The hot ticket in downtown Berkeley on the evening of Thursday Jan. 28 was arguably the gala opening party for the new BAMPFA, but if you had seen the several-hundred strong line of people snaking down Center Street and round the corner along Shattuck between 5 and 7 p.m., waiting to get into the NextSpace building, you’d have been forgiven for thinking there was an even hotter event going on.
More than 3,000 people signed up to attend the Berkeley Startup Job Fair, according to Ben Hamlin, co-founder and CEO of Localwise, the Berkeley-based job community which organized the first-of-its kind event. And of those, more than 1,000 showed up. The fair, which was focused on promoting diversity in tech, was co-hosted by the City of Berkeley’s Office of Economic Development. Other partners included 16 nonprofits, including the Kapor Center for Social Impact, Latinas in Tech, Telegraph Academy, Lesbians who Tech, Code Berkeley and the Level Playing Field Institute. (See the full list of partners).
The overwhelming response to the fair appeared to indicate the need for more opportunities for job-seekers to meet with young companies who are recruiting. Many attendees came from nearby UC Berkeley and Berkeley City College, but others had traveled from further afield, including from more far-flung colleges. For still others, their student days were far behind them. And it was a diverse crowd who formed lines and patiently waited to speak with potential employers inside NextSpace’s ground-floor atrium.
Jennifer Cogley, Sustainable Business Coordinator at the City of Berkeley, was taken aback with the response to the fair — “it was not a foregone conclusion,” she said — but not altogether surprised. Cogley tracks the city’s startup field closely, and is aware of how quickly it is blossoming. Since 2014, there has been a 23% increase in jobs available in Berkeley startups, according to her office.
Initiatives like UC Berkeley’s Sky Deck accelerator, the city’s Berkeley Startup Cluster and the recently arrived Batchery incubator, as well as the opening of co-working spaces such as NextSpace and WeWork that help address a lack of office space in the city, have all helped boost the sector.
A commitment to diversity within all the companies sprouting up is important to the city, Cogley said, hence her office’s eagerness to co-organize the event
“Berkeley is going to be some type of tech hub,” she said. “The question is what kind of tech hub.”
Cogley said the startup picture should resonate with Berkeley’s values, and that includes having minorities well represented, something the tech sector as a whole has failed woefully to achieve so far. At large tech companies, only 29% of the employees are women and only 15% are black or hispanic, according to a 2015 report in TheVerge. While at startups, only 8.3% of venture funding goes to women-led tech startups, according to the International Business Times. The numbers are as low as 1% for African-American led startups.
PocketMe, a 3D portrait studio that recently relocated from Berkeley to San Francisco, was at the fair to make its first hire. Co-founders Dylan Saloner and Allison Saloner said they were looking for a marketing executive. They were excited about meeting UC Berkeley grads in particular, as they saw them as the type who would “take the initiative,” Dylan, a Cal grad himself, said.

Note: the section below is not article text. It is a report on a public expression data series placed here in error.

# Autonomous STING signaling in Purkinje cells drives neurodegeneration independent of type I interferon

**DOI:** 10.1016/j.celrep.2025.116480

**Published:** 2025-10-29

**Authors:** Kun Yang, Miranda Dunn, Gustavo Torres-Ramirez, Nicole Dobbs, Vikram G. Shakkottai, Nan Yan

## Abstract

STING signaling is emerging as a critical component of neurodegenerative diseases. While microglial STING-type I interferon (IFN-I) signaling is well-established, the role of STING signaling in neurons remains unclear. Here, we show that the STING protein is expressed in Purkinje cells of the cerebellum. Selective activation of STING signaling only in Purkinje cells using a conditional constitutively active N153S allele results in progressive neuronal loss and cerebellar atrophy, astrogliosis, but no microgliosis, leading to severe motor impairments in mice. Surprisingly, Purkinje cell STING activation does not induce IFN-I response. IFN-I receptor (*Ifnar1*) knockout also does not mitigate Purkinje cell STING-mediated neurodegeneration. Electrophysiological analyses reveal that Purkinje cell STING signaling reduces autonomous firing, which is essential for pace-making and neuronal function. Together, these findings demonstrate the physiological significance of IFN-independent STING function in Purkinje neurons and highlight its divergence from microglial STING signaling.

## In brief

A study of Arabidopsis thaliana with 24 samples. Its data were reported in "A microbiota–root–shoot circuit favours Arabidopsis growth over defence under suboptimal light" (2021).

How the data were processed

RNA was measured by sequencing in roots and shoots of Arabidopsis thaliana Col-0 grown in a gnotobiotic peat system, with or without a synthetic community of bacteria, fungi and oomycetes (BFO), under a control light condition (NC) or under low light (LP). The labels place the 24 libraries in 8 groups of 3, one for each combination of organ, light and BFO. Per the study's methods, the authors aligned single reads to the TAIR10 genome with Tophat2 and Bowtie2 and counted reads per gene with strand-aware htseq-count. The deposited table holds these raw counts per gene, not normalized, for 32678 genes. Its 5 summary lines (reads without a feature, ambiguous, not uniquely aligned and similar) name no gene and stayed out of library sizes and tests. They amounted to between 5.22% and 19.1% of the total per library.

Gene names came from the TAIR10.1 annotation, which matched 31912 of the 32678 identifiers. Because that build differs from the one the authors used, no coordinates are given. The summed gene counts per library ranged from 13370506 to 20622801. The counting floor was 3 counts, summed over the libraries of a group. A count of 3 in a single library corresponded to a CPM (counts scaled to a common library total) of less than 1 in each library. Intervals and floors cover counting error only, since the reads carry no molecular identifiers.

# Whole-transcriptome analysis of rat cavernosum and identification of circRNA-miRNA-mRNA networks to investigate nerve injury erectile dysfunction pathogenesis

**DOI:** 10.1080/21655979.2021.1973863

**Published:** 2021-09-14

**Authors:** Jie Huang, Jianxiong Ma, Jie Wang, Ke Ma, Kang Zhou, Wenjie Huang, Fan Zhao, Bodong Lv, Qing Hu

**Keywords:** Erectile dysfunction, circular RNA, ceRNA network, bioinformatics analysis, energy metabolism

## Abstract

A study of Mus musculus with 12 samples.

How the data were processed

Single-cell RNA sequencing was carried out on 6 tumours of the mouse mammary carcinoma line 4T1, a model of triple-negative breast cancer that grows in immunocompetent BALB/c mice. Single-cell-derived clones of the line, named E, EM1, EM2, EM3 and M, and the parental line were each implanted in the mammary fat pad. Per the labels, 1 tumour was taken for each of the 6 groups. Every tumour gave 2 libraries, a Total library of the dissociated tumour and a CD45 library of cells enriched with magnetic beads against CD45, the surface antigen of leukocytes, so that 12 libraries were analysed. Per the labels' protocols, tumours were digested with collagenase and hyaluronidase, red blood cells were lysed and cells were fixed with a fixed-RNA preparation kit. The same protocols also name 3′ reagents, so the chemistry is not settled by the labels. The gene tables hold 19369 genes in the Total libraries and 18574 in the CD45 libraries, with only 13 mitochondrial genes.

Lexy Abrams-Bourke had set up a table for Lantern.com, a startup offering online programs focused on emotional well-being. Abrams-Bourke said the company, which was looking to fill about ten positions, wanted its employees to be representative of the population, particularly given that Lantern is in the mental health space. “We want people from all walks of life,” she said. “It’s really easy to get out of balance.”
Startups at the fair ran the gamut from high growth, venture-backed companies like Massdrop, Captricity and Turo, to earlier stage ones like Civil Maps and Dray Technologies. Two coding bootcamps were there: Telegraph Academy, which teaches software engineering to under-represented minorities, and Code Berkeley, the first state-funded bootcamp in California which is based out of Berkeley City College.
Justin Hoffman at Code Berkeley said momentum is certainly building at the three-year-old program. “Code Berkeley draws a very diverse student population,” he said, adding that entering students may have no tech skills at all, unlike other boot camps which expect a certain knowledge level. The 40-strong class has already sent graduates off to internships at the likes of Intel and jobs at Tesla, Hoffman said.
As to how many of the hundreds who flocked to the startup job fair last week will have snagged jobs there remains to be seen. The consensus that diversity is a priority was evident across the board, however. Fluid Financials, a young Oakland-based startup that’s embarking on its first round of funding was at the fair in a bid to double its four-strong, already diverse team. They were looking for software engineers and marketing experts, among others. “A diverse team is the core underpinning of building a strong business,” said CEO and co-founder Ipsheeta Furtado.